The Buddhist nun's tale

Bridges: Baltimore woman finds the path to inner peace in conversion to Buddhism.

Columbia

April 05, 2002|By Jean Leslie | Jean Leslie,SPECIAL TO THE SUN

"In 1995, I was 41 years old and I thought I was living the way I wanted - no children, never married. I wondered, `Why wasn't I happy?'

"Then a young, very sincere, dedicated teacher of Buddhism came to Hampden in Baltimore City. It was quite amazing, and I was very inspired. What inspired me was his integrity, the way that he had actualized Buddhist teaching into his own behavior. I fell in love with Buddhist teachings.

"I had been raised a Catholic and attended parochial school. Although we didn't go to church every Sunday, we held certain values. I realize now that at this time, when I wasn't spiritually oriented, I was not a happy person."

The speaker, Kelsang Osel, with her salt-and-pepper hair cropped short and dressed in the maroon and yellow robes of a Buddhist nun, shared her spiritual journey Wednesday at Building Bridges, a monthly gathering of clergy sponsored by Columbia Cooperative Ministry.

"The idea is to call congregations to come together and to talk to one another. The object is to know and to trust one another," said George Martin, facilitator of the Columbia event. "Building Bridges started when some pastors wanted to look at the reactions to the church burnings of 1994. And we began building bridges between the congregations."

Each Building Bridges meeting begins with participants giving a miniature version of their spiritual journey, including a brief introduction and details about their personal lives and their congregations.

Introductions include work ranging from a church's ministry, help at funerals - "Resurrection Ministry" - and the pastoral care at Howard County General Hospital to working with immigrants and prisoners.

Then the speaker explains his or her spiritual journey. "In the more than five years we have been meeting, about 40 different clergy have told their spiritual stories," Martin said.

Osel said her attraction to Buddhism "stems from teachings that I find personally compelling. I have also learned to appreciate Christianity - the ethics are much the same. Jesus' example is remarkable and inspiring for Buddhists."

She added: "The Buddhist path is where one seeks to improve inner peacefulness through prayer and meditation. Without inner peace, world peace is not possible. In the Mahayana branch of Buddhism, we seek enlightenment because we want to help others. As an enlightened being, one is in the most effective position to help people."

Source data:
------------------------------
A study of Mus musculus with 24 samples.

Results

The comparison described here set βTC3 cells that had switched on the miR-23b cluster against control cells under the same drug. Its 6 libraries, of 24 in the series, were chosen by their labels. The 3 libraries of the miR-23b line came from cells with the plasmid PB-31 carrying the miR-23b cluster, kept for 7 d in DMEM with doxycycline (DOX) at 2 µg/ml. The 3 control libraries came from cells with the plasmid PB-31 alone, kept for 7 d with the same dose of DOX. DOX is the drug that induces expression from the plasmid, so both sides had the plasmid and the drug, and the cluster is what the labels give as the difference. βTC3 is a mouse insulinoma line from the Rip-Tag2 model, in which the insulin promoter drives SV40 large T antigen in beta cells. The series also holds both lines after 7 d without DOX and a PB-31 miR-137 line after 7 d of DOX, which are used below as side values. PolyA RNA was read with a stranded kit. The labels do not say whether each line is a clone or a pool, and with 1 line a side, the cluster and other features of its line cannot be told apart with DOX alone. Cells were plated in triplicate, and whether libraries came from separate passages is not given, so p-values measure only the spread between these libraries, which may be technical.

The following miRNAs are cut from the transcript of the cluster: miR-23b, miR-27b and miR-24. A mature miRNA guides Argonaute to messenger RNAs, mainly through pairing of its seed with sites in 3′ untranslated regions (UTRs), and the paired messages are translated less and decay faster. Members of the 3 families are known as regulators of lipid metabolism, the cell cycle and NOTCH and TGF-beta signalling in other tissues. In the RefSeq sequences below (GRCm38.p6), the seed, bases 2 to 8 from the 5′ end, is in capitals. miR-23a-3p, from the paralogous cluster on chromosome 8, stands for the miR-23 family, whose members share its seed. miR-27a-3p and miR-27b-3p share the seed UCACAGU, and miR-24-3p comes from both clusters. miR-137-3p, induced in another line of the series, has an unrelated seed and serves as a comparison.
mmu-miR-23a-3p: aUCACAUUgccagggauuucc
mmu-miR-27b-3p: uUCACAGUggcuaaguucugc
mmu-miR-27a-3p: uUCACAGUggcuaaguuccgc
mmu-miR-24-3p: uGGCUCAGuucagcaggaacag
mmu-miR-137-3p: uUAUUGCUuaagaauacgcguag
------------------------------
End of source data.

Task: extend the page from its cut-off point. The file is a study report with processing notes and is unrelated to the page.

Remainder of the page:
According to Osel, Shakyamuni Buddha - the founder of Buddhism - lived 2,500 years ago and gave 84,000 teachings in different levels of difficulty. Osel practices and teaches Kadampa Buddhism, a branch in the Mahayana tradition.

According to tradition, Siddhartha Gautama, the son of a Nepalese rajah, was given the title Shakyamuni Buddha ("the awakened"). Gautama left a life of luxury at age 30 and devoted himself to years of contemplation and self-denial, finally reaching enlightenment while sitting beneath a tree. He spent his life teaching disciples about his beliefs (embodied in the Four Noble Truths) and the goal of achieving the enlightened state of nirvana.

At the Building Bridges meeting, questions on Osel's spiritual journey involved popular Western perceptions of Buddhist beliefs, such as the Buddhist lack of a deity.

"We believe there are many enlightened beings," Osel explained. "Buddha and Jesus were enlightened beings. The Buddhist concept of enlightened beings is that they are omniscient, but not omnipotent. We do not believe in a sole creator of the universe."

She said another popular misconception is that Buddhism denies the reality of suffering.

"Life is suffering in various degrees and kinds," Osel said.

"Things we typically think of as happiness are actually things that will ultimately give rise to pain. Happiness comes from developing inner peace, love and forgetting ourselves to care for others. This can bring one to full enlightenment."

This month, she sold her townhouse in Baltimore and moved to the Kadampa Buddhist Center in Baltimore's Charles Village, which is the site of daily, weekly and monthly devotions, group prayer, meditations and discussions.

"We are small," Osel said. "But we respond to requests for classes."

Osel was ordained a Buddhist nun five years ago. "From a Buddhist perspective, I am an aspiring Buddhist," she said. "I will be a genuine Buddhist when I have developed my meditation to the point that I have a `spontaneous realization' to free all living beings from suffering. My journey is just beginning."

Buddhism classes

Kelsang Osel teaches Kadampa Buddhism for the general public at 7:30 p.m. each Tuesday in the Owen Brown Interfaith Center basement. A donation to cover costs is suggested. Building Bridges, for clergy and interested laity, meets on the first Tuesday of most months at 10 a.m. in Wilde Lake Interfaith Center. Information: Columbia Cooperative Ministry home page, www.inetstrat.com/ccm for details.